Gorillas In The Mist

By Alison Devlin • March 10th, 2012
Static Mass Rating: 4/5
Universal Pictures / Warner Brothers

Original release: September 23rd, 1988
Running time: 123 minutes

Director: Michael Apted
Writers: Harold T.P. Hayes, Dian Fossey, Anna Hamilton Phelan, Tab Murphy

Cast: Sigourney Weaver, Bryan Brown

Every day we see adverts asking for our money to help save endangered wildlife, but how many of us actually pick up the phone and take action?

There are currently fewer than 600 mountain gorillas living in the world at this very moment. However, there may have been none if the young and ambitious zoologist named Dian Fossey, hadn’t made it her priority to protect this incredible species.

Gorillas in the Mist, directed by Michael Apted, is Dian Fossey’s (played by Sigourney Weaver) biopic, the legacy she left behind, in film. It recounts the epic journey of a woman, frail and struggling in a man’s world, surrounded by cigarettes and lipstick; to a jungle woman, immersed in the little known world of gorillas and fighting for their, and her own, survival.

“When you realize the value of all life, you dwell less on what is past and concentrate more on the preservation of the future” Dian Fossey

But, is this film about conservation or is it a film about a woman who has chosen a life of loneliness?

Gorillas In The Mist

Encircled by her gorillas, Fossey is in bliss, but behind the smile, this is a story about a sad woman who didn’t chose a conventional American life and has had to search for somewhere to belong. That place happened to be alone in the jungle with her primates. The one ‘man’ that remains constant in her life, is the beautiful Diget, the dominant silverback gorilla. He is alone as well, the head of the pack, but a loner all the same.

No one else could portray Fossey like Sigourney Weaver. She herself is a strong and independent woman. In all her characters, for example, Ellen Ripley (Alien, 1979) she is a survivor, start to finish. The female protagonist, the female warrior and a female inspiration, but also alone, trapped in space with no man by her side. Even in her role as Dana Barrett (Ghostbusters, 1984) she was a lone woman, fighting off the advances of Peter Venkman and now we move to the more recent times of Grace (Avatar, 2010) a scientist, alone. So, looking back – who else could have been Fossey?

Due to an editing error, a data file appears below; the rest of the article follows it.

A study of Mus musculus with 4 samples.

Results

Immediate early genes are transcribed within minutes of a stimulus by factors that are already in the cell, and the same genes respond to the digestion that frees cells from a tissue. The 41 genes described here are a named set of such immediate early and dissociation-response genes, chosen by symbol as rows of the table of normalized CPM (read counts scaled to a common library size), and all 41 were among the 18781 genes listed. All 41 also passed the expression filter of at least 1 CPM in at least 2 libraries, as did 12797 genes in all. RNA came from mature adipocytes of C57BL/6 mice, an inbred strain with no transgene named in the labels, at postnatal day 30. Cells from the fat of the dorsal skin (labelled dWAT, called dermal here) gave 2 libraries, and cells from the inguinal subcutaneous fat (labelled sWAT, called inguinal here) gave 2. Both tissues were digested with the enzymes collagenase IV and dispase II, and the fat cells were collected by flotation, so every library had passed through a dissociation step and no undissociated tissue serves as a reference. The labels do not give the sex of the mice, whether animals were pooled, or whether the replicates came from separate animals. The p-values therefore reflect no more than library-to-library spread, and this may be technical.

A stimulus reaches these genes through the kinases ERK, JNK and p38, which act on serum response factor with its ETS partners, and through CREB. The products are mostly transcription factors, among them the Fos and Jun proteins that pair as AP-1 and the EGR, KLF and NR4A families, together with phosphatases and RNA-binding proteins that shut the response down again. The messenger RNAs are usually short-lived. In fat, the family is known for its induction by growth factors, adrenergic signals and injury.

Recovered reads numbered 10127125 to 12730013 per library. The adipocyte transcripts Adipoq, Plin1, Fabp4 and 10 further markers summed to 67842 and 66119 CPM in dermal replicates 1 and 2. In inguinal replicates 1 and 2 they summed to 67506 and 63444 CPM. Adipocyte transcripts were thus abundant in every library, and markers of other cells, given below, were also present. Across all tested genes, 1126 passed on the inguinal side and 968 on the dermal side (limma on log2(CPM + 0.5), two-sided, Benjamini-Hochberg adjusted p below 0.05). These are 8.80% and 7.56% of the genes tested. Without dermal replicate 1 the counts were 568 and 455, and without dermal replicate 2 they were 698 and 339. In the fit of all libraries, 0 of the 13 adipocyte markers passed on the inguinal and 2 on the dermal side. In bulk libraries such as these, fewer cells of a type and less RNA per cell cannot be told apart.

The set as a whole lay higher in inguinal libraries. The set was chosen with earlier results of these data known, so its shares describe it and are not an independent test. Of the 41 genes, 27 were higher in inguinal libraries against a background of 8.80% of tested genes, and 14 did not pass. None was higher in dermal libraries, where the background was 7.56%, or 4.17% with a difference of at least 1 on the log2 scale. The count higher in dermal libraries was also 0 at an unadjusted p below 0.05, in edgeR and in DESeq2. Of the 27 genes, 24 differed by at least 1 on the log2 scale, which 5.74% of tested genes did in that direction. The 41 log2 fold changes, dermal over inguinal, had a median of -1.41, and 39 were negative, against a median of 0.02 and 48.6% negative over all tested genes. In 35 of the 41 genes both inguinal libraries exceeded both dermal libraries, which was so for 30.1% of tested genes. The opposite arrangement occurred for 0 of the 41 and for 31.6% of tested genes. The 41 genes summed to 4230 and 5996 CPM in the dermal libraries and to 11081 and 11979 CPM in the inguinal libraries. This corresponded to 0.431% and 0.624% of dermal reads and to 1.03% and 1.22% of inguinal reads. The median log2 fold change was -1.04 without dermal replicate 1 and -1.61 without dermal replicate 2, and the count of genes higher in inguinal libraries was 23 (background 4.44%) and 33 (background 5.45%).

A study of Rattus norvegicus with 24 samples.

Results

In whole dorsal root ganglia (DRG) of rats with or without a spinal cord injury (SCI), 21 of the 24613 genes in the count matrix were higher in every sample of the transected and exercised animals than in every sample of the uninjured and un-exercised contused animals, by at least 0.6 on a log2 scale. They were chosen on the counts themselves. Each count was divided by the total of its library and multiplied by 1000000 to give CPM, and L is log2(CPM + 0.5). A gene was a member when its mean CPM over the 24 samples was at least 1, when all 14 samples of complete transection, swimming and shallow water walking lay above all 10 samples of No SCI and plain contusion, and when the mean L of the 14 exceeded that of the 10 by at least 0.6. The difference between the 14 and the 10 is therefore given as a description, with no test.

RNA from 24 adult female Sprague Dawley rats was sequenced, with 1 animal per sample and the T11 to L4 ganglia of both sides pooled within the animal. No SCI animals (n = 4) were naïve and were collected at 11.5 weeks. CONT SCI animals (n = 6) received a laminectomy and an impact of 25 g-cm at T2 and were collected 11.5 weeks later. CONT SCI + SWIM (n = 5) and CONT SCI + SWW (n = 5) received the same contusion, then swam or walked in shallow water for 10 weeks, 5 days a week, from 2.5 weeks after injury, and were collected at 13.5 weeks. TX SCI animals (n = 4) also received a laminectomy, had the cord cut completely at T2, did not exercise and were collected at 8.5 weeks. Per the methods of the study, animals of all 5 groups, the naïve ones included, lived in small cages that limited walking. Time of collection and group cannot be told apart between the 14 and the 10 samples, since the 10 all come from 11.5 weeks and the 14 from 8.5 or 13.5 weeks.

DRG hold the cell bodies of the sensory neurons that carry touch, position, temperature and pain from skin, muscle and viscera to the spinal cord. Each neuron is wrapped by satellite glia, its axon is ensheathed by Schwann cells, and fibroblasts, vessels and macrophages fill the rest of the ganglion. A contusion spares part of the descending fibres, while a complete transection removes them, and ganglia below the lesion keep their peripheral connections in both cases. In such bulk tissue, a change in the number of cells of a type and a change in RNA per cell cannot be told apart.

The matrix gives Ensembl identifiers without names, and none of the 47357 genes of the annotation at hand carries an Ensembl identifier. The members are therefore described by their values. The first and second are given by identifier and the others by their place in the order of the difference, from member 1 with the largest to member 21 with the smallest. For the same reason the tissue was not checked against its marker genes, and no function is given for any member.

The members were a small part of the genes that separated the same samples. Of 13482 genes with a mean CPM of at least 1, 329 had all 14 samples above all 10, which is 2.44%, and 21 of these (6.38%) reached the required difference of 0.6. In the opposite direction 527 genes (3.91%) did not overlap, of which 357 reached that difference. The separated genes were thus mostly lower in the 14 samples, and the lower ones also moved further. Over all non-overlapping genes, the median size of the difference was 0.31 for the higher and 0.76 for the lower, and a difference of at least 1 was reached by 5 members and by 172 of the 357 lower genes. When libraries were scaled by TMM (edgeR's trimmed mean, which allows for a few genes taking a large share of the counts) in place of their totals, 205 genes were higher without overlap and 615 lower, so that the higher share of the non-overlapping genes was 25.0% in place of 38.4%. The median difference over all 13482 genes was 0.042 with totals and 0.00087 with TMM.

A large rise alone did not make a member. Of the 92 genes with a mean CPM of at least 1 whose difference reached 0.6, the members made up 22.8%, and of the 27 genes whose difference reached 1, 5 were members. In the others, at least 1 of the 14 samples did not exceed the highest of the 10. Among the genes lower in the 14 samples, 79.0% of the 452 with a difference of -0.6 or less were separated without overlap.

Gorillas In The Mist

For over 5 years, Fossey is engulfed in the world of the gorilla; spending hours sitting with them, acting like them and protecting them from the horrific poachers. After one of her love interests leaves her broken hearted in the jungle, she has turned sour and the film reflects badly on that part of her life.

It seems the director wanted Fossey to seem hopeless without a man in her life, which is perhaps a very sad truth that reflects on society. The old saying “Men. You can’t live with them, you can’t live without them”, applies here. But is that true in this day and age? Possibly, it was in the 1980’s when America was promoting the perfect ‘nuclear’ family, but in today’s society, there are thousands of single mothers and thousands of divorcees – should we really be promoting that kind of message when there are so many strong females about?

Gorillas In The Mist

This movie is slow, but that’s not necessarily a bad point. It is slow because it reflects how the conservation issue was handled in earlier years, a slow response to an increasingly difficult issue. While in today’s society, if you use the power of the media and social networks, you can generate responses almost instantly! For example, the #Kony2012 Twitter campaign that took the nation by storm on March 7th; the night before people began trending #stopkony #Kony2012 and so forth, and from the morning of the 7th, almost everyone knew who Joseph Kony was.

As a media student, it Is interesting to see how issues like this can be made aware by a few people starting a debate on Twitter or Facebook.

When you next see a woman working in Uganda, Rwanda, etc.… Do not assume how lonely she is, think of the brilliant work she is doing. This film tells the story of one woman’s lack of human love, but what about her love for the animals? We should celebrate her dedication because she made such an impact on the conservation of mountain gorillas.

Fossey was strong, focused and did what she wanted. Her growth from a city girl to an African animal activist is fantastic and that is what we should take away from this movie. I applaud women like this.

Gorillas In The Mist

Alison Devlin

Alison Devlin

Alison Devlin is in her final year of studying Media, aiming to be a professional critic in a magazine. She occupies her time with writing in her blog , making short art films, writing short scripts, doodling in her notebook, decorating her room with movie posters, watching documentaries about wildlife and taking calls as a receptionist at her part time job.

Her favourite films include Eternal Sunshine of a Spotless Mind, The Woman in Black, and Alice in Wonderland. An admirer of Quentin Tarantino, she enjoys reading about and watching postmodernism programmes, such as ‘The Mighty Boosh’ and ‘Family Guy’. Also a devoted fan to Alfred Hitchcock, she hopes to one day make cameo appearances in her own written films.

You can follow her on Twitter @devlinalison.